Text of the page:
A pocket camera for professional results?


Fairly recently I covered the subject of the battle between mobile phone photography and compact camera photography results.  The results were as could be expected – the mobile phone pictures were instant, immediate, and looked great, whilst the compact camera photos were sharper, better saturated and again were ‘instant’ – provided you took your camera with you.  And that is one of the prime differences.  Everyone carries a mobile phone these days at all times, but to carry a camera means commitment.

To withstand the onslaught of the mobile phone, iPad or whatever, the dedicated camera manufacturers have had to lift their game, and this has meant zoom lenses with a greater range, while at the same time producing sharper pictures with higher resolution.

The latest to present their offering is Sony with the RX100.  This camera is getting rave reviews, so looking out for one might be a good idea, if it is as good as it is claimed.  Mind you, I am not talking about the manufacturer’s claims, I am talking about camera magazine reviews.  One reviewer even went so far as to say it was “the best pocket camera ever made.”  He went on to write, “No photos this good have ever come from a camera this small.”

The technology that Sony has packed into this pocket camera includes a very large (one inch) sensor.  That is coming up to low end SLR specifications, and much larger than previous compact cameras.

The advantage of the big sensor is less grain in low light, better color depth and great dynamic range (the spectrum from darkest to lightest).  This comes from the increased number of pixels on the larger sensor.  This sensor also makes it easy for the amateur photographer to attain that sharp focus foreground subject in front of an out of focus soft background.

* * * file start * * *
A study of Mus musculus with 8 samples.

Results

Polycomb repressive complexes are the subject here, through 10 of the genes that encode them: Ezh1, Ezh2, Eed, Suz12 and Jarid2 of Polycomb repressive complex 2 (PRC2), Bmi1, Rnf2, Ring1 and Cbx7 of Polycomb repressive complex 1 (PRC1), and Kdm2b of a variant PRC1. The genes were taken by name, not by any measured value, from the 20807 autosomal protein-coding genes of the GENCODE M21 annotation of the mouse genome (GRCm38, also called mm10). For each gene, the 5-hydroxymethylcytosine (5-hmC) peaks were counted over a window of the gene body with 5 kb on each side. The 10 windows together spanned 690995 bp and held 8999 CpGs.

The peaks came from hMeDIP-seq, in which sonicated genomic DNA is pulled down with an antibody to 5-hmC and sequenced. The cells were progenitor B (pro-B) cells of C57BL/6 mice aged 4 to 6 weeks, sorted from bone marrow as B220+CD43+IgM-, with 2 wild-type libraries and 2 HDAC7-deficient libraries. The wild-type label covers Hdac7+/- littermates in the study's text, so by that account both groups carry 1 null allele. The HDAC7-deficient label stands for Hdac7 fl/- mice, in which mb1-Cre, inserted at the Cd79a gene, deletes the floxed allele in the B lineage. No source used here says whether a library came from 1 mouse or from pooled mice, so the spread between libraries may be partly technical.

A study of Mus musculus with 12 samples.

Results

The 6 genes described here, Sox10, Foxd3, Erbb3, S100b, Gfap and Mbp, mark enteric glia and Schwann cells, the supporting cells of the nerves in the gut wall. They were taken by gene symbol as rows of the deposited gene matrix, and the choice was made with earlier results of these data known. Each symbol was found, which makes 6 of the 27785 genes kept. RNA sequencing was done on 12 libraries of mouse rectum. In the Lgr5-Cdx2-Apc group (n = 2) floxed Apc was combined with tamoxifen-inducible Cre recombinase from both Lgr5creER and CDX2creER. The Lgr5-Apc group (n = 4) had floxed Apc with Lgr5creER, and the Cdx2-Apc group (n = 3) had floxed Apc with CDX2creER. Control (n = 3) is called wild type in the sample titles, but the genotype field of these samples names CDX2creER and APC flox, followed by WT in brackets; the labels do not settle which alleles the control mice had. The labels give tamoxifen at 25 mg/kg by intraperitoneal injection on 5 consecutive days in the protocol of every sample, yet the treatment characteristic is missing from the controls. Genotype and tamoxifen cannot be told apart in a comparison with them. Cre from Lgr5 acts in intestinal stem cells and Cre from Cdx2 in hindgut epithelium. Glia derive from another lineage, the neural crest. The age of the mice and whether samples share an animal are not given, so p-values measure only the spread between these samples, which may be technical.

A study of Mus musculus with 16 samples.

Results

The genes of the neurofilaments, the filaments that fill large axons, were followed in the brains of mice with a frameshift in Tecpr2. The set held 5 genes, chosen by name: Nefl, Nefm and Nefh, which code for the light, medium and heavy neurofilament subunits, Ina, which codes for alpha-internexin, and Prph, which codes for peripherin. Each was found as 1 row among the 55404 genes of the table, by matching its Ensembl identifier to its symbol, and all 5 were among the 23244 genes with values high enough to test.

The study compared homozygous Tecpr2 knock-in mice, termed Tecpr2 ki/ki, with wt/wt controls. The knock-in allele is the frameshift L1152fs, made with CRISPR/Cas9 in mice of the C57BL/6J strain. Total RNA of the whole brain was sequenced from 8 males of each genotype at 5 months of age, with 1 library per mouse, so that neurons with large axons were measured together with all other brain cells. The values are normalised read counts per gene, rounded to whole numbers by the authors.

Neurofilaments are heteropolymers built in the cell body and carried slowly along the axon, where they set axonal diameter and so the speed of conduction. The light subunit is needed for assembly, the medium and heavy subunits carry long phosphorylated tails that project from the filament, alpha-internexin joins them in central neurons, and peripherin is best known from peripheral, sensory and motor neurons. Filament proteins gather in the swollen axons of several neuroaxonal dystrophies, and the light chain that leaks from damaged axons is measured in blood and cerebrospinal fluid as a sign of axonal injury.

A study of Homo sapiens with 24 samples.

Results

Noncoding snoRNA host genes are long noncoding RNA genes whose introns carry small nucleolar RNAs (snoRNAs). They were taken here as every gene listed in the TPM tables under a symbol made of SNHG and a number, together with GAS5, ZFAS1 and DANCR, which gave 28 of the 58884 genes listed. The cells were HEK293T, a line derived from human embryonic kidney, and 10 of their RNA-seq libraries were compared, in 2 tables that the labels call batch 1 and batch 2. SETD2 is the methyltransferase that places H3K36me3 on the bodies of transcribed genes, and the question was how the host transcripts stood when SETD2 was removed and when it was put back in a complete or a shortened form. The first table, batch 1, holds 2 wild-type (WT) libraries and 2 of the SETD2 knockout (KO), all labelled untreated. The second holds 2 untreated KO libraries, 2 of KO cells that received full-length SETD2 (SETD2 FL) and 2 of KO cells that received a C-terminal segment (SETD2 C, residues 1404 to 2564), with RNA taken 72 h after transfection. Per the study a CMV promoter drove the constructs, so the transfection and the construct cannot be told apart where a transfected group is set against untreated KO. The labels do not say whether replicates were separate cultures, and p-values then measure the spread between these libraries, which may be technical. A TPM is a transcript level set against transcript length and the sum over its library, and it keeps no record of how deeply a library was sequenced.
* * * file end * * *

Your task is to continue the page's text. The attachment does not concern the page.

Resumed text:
I have written many times that the final arbiter in producing sharp pictures comes down to the standard of the glass being used in the front of the camera.  The RX100 has a Carl Zeiss lens, which has a maximum aperture of f/1.8.  That’s the widest aperture you can buy on a pocket camera.  Another optical factor in the sharp foreground and soft backgrounds and the ability to get good images in low light.

According to those who have tried this camera (not due for release till later this month, though Thailand may get it later next year), the claims are for extreme details, great color range with depth and clarity, a ‘burst’ mode of 10 frames per second (yes 10!) and a macro setting allowing you to get down to five centimeters, whilst most SLR’s can’t get any closer than 25 centimeters from the subject.

What may put some people off this camera are the various “gimmicky” electronic features like an SLR, with automated modes.  These include Illustration (turns the photo into a colorful line drawing), High Dynamic Range Painting and the Auto Crop which creates a duplicate of your portrait, cropped in what it considers a better way.  And Sweep Panorama.  You swing the camera around you in an arc, pressing the shutter button the whole time.  When you stop, there, on your screen, is a finished, seamless, 220-degree panorama.  It’s the ultimate ‘wide-angle’ lens. One feature which will endear itself to the female Thai population are the two methods of producing “selfies”.  You can set a timer as usual, or use its smarter mode, in which the camera waits until it sees the photographer’s face in the frame, after which it shoots a self portrait every three seconds until your face leaves the viewfinder.

There is no eye-level viewfinder (an item I enjoy, much more than the screen), but again it is claimed that by placing an extra white pixel in with every red, green and blue, the screen remains clear and viewable even in bright sunshine.

The lens ring controls the zoom, focus, exposure and aperture, so keeps many functions easily under your control.  There is no ‘click’ between the settings, something that can make aperture a little hit and miss, for example.

The price in Australia is $650, which is not cheap for a pocket camera.